08 October 2009

First Check-mark Goes to the Dodgers

If I had done one of those check-mark previews before the series the Dodgers certainly would have gotten a check-mark for the bullpen. This may be where they have a clearest advantage over the Cardinals, and they rode it to victory in game one of the series. The Dodger pen was not always dominant, but they always got the job done. Every pitcher but Belisario had a shaky moment. Weaver especially looked out of place in the game ( and on the playoff roster ) but he got the job done after nearly giving up a three-run double that just went foul.

Did you see that ball land foul? I thought it was fair when it happened. Off the bat I never even thought it would go foul. There was the game, the series, the season, at least in the parts of the brain where one moment of adversity means it's all over. Even when Manny just casually picked up the ball in the corner and tossed it to the fans I wasn't sure. Let's face it, we all know Manny is capable of doing something like that on a fair ball that he thinks is foul. Or maybe he's not capable of that, but it seems like he would be. I think there is still some primitive part of my brain that still doesn't realize that ball went foul. I'm still having nightmares of Cardinals running around the bases and taking the lead.

The Dodgers would also get a check-mark in the lineup filler category. We all know that Pujols is the best hitter in the series, and the Dodgers probably can't match the one-two punch of Pujols and Holliday, but the Dodgers have a clear advantage in the rest of the lineup over the Cardinals, and that also showed in last night's game.

Every spot in the Dodgers lineup came to the plate exactly 5 times. Below is the number of times each player got on base. The ninth spot included two at bats from Wolf, and one each from Pierre, Thome, and Broxton.

Furcal -- 3
Kemp -- 1
Ethier -- 4
Manny -- 2
Loney -- 3
Blake -- 3
Belliard -- 3
Martin -- 3
Ninth Spot -- 0

Everyone but Manny, Kemp and the pitcher's was on base 3 times. That's kind of incredible, I think. Even weirder is that the arguable offensive hero of the game only got on base once.

The Dodgers beat the Cardinals 22-18 in runners reaching safely. More often than not the team that puts the most men on base will win the game, though obviously hitting with runners in scoring position and extra base hits can change things around. The Dodgers have made their season on reaching base more than the opposition, and their regular season games with the Cardinals were no exception. Though the Dodgers lost the season series 2-5, they put more men on base than the Cardinals in 4 of the 7 games, and overall they out-on-based the Cardinals in the season series 92-86.

Of the Dodgers 22 runners, 5 scored, one was lost to a double play, and 16 were left on base. I'm not worried about the men left on base because I just don't believe this is something that can ever be reliably called a trend.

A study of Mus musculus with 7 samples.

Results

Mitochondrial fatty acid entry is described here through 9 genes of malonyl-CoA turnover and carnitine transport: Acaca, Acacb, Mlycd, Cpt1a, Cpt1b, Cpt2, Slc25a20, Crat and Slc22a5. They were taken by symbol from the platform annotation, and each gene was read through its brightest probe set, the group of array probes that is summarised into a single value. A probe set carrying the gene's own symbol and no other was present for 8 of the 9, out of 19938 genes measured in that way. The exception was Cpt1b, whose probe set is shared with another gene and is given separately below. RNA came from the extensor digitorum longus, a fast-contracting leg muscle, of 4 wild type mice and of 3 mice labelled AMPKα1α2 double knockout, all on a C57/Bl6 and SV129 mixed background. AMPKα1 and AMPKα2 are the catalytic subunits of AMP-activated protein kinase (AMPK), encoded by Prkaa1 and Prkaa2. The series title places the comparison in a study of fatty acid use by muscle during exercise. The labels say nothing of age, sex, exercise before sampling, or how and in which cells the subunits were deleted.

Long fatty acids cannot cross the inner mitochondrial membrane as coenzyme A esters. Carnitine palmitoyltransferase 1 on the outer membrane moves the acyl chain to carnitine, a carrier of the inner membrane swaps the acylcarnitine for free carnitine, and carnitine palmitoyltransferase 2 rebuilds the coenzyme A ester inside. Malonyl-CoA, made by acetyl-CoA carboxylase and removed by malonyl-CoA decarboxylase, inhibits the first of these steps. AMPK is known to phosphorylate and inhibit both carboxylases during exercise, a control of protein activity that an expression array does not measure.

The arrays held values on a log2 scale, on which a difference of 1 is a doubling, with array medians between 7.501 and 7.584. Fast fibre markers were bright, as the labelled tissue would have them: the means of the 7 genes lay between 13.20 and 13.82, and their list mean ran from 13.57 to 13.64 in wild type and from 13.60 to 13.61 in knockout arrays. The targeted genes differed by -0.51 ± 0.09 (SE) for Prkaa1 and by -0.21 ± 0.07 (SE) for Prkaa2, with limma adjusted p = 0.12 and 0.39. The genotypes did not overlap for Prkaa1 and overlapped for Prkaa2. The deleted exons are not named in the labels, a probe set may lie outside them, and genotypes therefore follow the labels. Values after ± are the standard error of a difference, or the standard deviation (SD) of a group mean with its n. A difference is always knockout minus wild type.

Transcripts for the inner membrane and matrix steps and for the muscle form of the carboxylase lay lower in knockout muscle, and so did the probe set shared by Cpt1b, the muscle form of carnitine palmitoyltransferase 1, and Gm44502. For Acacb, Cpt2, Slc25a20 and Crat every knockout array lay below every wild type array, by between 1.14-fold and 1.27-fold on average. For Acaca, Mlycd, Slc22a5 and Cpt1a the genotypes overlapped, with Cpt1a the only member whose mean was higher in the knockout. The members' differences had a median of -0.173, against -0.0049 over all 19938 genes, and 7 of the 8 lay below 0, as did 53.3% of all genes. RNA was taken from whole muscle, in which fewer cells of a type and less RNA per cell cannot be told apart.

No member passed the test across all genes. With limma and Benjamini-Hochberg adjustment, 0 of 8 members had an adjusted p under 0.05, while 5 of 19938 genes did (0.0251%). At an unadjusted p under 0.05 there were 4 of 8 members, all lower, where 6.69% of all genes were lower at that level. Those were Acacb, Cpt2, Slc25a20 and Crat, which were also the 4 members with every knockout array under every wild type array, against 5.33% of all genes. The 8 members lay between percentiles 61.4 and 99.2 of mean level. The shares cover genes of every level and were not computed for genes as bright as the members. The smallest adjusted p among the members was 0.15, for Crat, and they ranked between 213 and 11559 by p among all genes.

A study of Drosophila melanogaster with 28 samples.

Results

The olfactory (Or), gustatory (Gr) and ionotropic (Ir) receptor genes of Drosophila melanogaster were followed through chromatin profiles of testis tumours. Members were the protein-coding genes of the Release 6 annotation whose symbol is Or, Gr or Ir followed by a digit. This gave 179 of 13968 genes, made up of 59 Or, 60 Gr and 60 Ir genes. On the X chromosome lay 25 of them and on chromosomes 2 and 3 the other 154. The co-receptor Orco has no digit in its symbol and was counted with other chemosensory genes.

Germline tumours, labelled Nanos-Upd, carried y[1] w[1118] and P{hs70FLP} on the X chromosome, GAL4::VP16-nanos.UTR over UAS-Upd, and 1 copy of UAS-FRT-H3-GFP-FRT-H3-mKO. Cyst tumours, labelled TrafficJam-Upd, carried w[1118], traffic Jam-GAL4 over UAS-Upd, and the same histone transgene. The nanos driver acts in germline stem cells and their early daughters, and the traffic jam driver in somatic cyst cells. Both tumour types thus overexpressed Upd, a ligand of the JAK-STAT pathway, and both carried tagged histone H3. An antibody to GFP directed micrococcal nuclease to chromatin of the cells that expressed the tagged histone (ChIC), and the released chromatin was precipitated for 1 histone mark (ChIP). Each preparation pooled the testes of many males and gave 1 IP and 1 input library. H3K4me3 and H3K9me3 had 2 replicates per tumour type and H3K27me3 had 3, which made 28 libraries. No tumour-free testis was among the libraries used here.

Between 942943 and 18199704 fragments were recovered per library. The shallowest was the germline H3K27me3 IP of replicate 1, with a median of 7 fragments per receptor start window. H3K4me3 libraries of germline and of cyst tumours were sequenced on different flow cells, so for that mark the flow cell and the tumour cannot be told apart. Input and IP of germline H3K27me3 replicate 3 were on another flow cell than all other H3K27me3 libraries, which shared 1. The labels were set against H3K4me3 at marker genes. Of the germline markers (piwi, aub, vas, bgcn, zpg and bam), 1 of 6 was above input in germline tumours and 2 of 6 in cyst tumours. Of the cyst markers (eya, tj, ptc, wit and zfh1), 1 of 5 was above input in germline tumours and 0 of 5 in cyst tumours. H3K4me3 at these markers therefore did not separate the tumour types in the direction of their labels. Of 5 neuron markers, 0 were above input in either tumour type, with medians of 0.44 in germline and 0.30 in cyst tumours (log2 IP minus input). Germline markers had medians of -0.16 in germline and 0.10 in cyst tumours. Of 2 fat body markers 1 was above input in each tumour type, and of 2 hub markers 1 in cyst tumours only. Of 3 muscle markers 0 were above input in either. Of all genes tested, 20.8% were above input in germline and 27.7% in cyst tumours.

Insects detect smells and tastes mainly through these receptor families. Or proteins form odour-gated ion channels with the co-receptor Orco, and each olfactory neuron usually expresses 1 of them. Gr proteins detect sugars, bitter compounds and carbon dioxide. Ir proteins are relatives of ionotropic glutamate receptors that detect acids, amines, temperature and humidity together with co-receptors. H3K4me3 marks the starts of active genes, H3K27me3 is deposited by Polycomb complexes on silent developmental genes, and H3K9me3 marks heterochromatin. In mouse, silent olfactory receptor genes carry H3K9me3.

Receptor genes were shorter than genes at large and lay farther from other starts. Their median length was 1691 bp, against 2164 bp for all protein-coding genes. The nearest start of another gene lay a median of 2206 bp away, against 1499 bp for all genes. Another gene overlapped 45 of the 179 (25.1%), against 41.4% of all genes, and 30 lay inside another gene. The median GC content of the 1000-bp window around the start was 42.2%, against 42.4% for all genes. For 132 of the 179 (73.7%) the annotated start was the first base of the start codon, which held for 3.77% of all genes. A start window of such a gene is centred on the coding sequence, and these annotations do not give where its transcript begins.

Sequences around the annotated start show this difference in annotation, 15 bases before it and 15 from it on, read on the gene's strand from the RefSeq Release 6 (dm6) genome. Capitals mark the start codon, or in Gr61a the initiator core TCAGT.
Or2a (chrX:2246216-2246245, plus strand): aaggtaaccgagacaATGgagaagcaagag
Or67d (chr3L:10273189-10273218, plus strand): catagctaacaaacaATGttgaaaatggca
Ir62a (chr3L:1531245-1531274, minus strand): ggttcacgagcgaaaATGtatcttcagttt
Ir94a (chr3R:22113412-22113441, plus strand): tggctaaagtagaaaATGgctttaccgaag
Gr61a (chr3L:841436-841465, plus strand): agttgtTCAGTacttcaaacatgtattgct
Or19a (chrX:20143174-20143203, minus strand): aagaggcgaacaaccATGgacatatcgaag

I think I would have given a check-mark to the Cardinal starters before the series, and as bad as Carpenter was made to look yesterday he was still probably a little better than Wolf. But Wolf got the outs when he needed them, and the early hook when he was out of gas.

NLDS Game 1 Unfair Win Shares ( Dodgers )

Kemp -- 1
Belisario -- 1
Broxton -- 1

This is a really weird game to figure out. Kemp gets an unfair win share even though he only got on base once, because his home run and the small cushion it provided was really what kept the Dodgers struggles with leaving men on base later from feeling like a disaster.

Belisario was the best reliever, and Broxton while giving up a run did get Pujols to end the eighth and Ankiel to end the ninth. Broxton's run was allowed when Kemp let a ball get past him in the outfield, and I would argue that Kemp's only mistake here was not going even more all out to catch that ball. With a three run lead and one on in the ninth inning there is no need to worry about keeping the hitter at first on a base hit, since the next batter will be the tying run either way. Now if Kemp had made that kind of play with the tying run at the plate it would have been awful. But as it was he was right to go for the catch.

NLDS Game 1 Unfair Loss Shares ( Cardinals )

Carpenter -- 1
Holliday -- 1
Ludwick -- 1

Ludwick came so close to being the hero, on that near-double down the line that was foul. But it was foul, and then he grounded out to Weaver. He had a gift single in the first inning to drive in a run, on a ball where Kemp should have firmly called off Belliard, or Belliard should have given way sooner. I'm not really sure whose fault that pop-fly single was, but I'm sure that Ludwick didn't do anything there that could help him escape an unfair loss share. The Cardinals needed more from their two hitters after Pujols and they just didn't get it.


Anonymous said...

Is there someplace on your blog where you define what "unfair win share" and "unfair loss share" means?

Joshua Worley said...

Yes, back at the start of the season there was a sort of "poetic" definition. I suppose I should link to that at some point, but in any case the unfair shares are not meant to be taken too seriously; they are just a way of thinking about each game, and who contributed to victory and defeat in the greatest measure. They are very subjective, and of course, unfair.